Nothing about the small non-denominational church service made sense to the young boy. At his old Quaker church, they didn’t have this strange ritual where you passed around a crust of bread and a jigger of wine, like a cruel tease for refreshments. And they would never have done what the preacher was doing to that poor guy up in front, dunking him in water, embarrassing him to death in front of the whole congregation. In time, of course, he would realize that the man wasn’t being embarrassed to death. He was being embarrassed to life.
That young boy would grow up to be singer/songwriter Rich Mullins, whose name rings fewer bells with each passing year but who lives on in loving memory among those of us who were fortunate enough to encounter his music as young Christians. Today marks the 25th anniversary of his untimely death in a car accident. It was a shocking loss for the world of contemporary Christian music, a world with which the eccentric artist always had a love/hate relationship. Inspired by St. Francis of Assisi, he chose to spend most of his substantial royalties on the poor. By the end of his short life, he was shunning the limelight on a Navajo Indian reservation with a few fellow “Kid Brothers of St. Frank.” To this day, his friends mourn the abrupt closing of a book that should have held many more creative chapters.
At the time, however, some quietly wondered if it was a mercy that God took him so soon, and so quickly—going out “like Elijah,” as he’d once written. Concert footage shot shortly before the accident shows Mullins looking exhausted and weathered, much older than his forty-one years. As he plays with his kid brothers, tells stories in his hoarse chain-smoker’s voice, and gently teases the audience with his signature blend of wisdom and off-beat snark, the whole night feels like a weary pilgrim’s last benediction. Particularly uncanny are those moments of foreshadowing where he looks ahead to his own death, declaring the great mystery that though his body will “rot,” yet shall he live.
As a folk theologian in the space between Protestantism and Catholicism, Mullins found it tedious to give his testimony to typical evangelical interviewers. One woman was dissatisfied with every choice he gave her for the moment when he became a Christian. When he suggested the day his three-year-old self sang “Come into my heart, Lord Jesus,” she said he couldn’t have known what he was praying. “Lady,” he retorted, “We never know what we are praying. And God in his mercy does not answer our prayers according to our knowledge, but according to his wisdom.” When she finally said, “What I really want to know is when you were born again,” he asked, “Lady, which time?” By his age, he figured it should be normal to get “born again again” about every other day.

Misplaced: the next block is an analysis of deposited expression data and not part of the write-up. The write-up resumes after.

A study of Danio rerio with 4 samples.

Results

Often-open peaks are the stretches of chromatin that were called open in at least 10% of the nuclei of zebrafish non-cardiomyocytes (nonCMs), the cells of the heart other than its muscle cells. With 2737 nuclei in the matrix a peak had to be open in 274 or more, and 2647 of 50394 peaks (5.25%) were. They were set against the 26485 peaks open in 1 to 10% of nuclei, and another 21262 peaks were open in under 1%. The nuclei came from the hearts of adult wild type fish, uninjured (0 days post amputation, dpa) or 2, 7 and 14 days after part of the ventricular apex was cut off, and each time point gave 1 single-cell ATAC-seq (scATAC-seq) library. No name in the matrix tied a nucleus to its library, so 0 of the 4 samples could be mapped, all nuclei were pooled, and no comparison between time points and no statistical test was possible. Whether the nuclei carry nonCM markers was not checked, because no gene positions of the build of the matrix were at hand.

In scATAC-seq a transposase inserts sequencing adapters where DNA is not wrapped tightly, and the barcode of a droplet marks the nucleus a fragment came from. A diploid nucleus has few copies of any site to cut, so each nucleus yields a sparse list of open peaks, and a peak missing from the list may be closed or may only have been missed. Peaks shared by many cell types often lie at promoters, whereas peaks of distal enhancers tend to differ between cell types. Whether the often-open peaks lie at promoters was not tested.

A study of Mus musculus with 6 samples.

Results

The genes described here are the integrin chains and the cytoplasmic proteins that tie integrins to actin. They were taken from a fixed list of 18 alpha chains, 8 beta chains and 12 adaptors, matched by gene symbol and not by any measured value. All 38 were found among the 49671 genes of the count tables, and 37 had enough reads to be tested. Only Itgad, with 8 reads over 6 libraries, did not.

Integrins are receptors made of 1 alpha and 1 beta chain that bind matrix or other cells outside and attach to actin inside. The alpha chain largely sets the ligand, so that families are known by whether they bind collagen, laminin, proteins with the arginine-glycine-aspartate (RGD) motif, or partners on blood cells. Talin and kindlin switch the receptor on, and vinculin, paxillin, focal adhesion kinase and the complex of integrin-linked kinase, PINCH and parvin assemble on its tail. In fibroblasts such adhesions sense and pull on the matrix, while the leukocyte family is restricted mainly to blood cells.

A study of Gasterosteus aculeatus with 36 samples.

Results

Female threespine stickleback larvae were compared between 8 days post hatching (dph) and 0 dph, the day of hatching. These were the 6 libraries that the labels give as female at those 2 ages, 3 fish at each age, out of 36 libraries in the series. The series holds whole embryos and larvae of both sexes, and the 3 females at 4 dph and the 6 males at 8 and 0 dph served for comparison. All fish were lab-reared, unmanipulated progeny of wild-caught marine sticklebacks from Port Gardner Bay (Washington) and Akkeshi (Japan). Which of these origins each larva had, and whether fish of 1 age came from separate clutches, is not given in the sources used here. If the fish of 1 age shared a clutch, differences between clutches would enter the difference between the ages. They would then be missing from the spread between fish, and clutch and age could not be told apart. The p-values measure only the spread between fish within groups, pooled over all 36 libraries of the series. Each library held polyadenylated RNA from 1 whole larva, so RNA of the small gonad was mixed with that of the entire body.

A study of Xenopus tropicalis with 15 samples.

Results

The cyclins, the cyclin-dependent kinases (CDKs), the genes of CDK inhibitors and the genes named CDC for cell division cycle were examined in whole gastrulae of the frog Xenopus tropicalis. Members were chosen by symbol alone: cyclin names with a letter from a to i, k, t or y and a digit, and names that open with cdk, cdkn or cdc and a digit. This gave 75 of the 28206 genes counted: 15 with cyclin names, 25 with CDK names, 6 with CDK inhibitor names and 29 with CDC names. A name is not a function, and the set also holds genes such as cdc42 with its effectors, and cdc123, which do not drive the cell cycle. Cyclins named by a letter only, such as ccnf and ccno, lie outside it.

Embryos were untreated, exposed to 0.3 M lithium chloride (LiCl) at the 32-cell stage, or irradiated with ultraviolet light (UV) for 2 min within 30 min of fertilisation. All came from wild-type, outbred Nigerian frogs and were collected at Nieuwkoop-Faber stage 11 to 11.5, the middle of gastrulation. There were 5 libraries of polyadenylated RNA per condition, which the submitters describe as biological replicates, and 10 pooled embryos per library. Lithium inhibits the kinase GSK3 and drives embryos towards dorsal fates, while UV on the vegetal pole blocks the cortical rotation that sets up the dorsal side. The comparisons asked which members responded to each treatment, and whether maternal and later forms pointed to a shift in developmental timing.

There was wisdom in this, though Mullins arguably drew too heavily from the “ragamuffin gospel” of defrocked priest Brennan Manning, a charismatic alcoholic whose addiction would ultimately kill him. Manning was a father figure to many, including Mullins, but his theology was shaky and his cult of personality unsustainable. Still, it’s understandable that Mullins, who often felt cut off from the love of his earthly and heavenly fathers, was attracted to his message. Though Mullins sometimes lost the battle with his own demons, he intentionally sought the sort of consistent accountability that might have kept Manning from self-destructing.
In death, Mullins has been claimed as at least an “asymptotic Catholic,” though nobody can be sure if he would have made the leap across the Tiber. One of his Catholic friends once told me he was always peppering her with questions, because if he was going to convert, he wouldn’t do it by halves. He had professional hesitations as well, working as he did in a space saturated with evangelicalism. And his own Protestant roots still ran deep. “We’re gonna start with a hymn,” he liked to kick off his concerts, “on account of people don’t sing ’em no more.”
The older I get, the better I understand his sense of denominational homelessness, having grown up “secretly Baptist” in a tiny Anglo-Catholic parish. I was raised on the liturgy that so inspired and compelled Mullins in his mature years. At the same time, I learned every cherished hymn that called him back to the place he started from. Like him, I feel strongly that the people of God should be who they are, where they are—that, as he once put it, “Baptists should be more Baptist, Anglicans should be more Anglican.” But what am I? Where is my home? Mullins could never quite answer that question for himself either.
I’ve been revisiting his music and old interviews this past week. I’m still moved by the power of these songs, songs that have grown with me—the yearning “If I Stand,” the windswept “Calling Out Your Name,” the Chestertonian “Growing Young,” the anthemic “While the Nations Rage.” His voice still cuts through the decades, still feels fresh, in all its quirkiness, quick wit, raw candor, and boyish innocence. It makes you feel as if you could have taken a long rambling walk with him, and almost no topic would have been too dangerous. And every time he said, in his puckish Norm Macdonald-like way, “And I kinda go . . .” you would know he was about to say something rather profound, or rather odd—or both.
Christ came that we might have life, he reminded a live seminar audience in 1994. But what does this mean? Does it mean we will party better? Yes. Does it mean we will suffer more? Also yes. Because sin is tragic. Because life is tragic. Because we are the ones who can see this clearly. And still, God calls it good.
For all who need a reason to live, Rich Mullins says, let this be reason enough. Let us declare with him, “Christ has said that he came that I might have life. Therefore, let me live.”
Bethel McGrew is an essayist and social critic.